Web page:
Two years after enlargement, 7 out of 15 "old" European Union member states have now opened up to workers from central and eastern Europe, writes Lucia Kubosova at the EU Observer: Western Europe remains wary of new member state workers:
Two years after becoming citizens of the EU, workers from central and eastern Europe will see a further four 'old' member states lift their labour barriers – in line with basic EU rules.
Greece, Spain, Finland and Portugal have all agreed to remove worker restrictions before the 30 April deadline. These countries join the UK, Ireland and Sweden – the only member states of the 'old' 15 which never introduced temporary measures against workers from the new member states.
The remaining west European governments will either keep their labour markets closed or open them gradually. "It is a real success, as a few months ago nobody would have expected a half of these countries to be without any restrictions and most of the others choosing some way to weaken them," commented social policy commissioner Vladimir Spidla.
Germany and Austria however are keeping full barriers in place, with Berlin and Vienna indicating they will make use of the whole transitional period – until 2011 – to keep the restrictions.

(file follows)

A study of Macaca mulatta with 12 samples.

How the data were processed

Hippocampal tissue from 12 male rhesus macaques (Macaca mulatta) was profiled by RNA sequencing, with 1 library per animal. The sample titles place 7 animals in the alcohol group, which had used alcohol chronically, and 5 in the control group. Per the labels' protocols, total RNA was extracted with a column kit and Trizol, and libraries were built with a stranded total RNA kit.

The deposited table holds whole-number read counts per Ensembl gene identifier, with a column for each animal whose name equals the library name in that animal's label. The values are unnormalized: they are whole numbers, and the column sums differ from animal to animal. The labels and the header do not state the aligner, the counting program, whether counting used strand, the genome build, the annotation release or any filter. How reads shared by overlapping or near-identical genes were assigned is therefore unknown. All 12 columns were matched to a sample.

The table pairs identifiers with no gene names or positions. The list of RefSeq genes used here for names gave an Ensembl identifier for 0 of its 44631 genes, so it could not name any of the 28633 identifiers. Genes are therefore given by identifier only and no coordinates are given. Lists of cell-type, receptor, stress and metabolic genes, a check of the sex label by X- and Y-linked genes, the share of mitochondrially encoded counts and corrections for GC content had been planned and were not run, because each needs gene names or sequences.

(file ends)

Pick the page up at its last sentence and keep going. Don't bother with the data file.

France informed Brussels it would "gradually" drop the barriers on a sector-by-sector basis and in line with agreements between the government, employers and trade unions.
Denmark is also planning to relax its existing restrictions and phase them out completely in the next three years, with the national authorities promising to "take steps to help enterprises recruit foreign workers to sectors that experience a shortage of labour."
A similar cherry-picking method will be used by Luxembourg and Belgium, which reported they would make the work permit procedure more flexible in certain sectors or occupations.
Italy increased a quota for foreign workers from 85,000 to 170,000 with statistics showing that previous quotas were not filled in the past.
The Netherlands postponed a final decision on the issue until the end of this year. The government has suggested opening up the country's labour market but parliament still has to make a decision.
The European Commission has urged all "old" member states to lift their national restrictions, arguing that the May 2004 enlargement has not resulted in an overwhelming influx of new workers or increased unemployment among home citizens.
Only in Ireland and Austria do nationals from new EU member states represent more than one percent of the working age population, hitting 3.8 percent and 1.4 percent in the two countries respectively.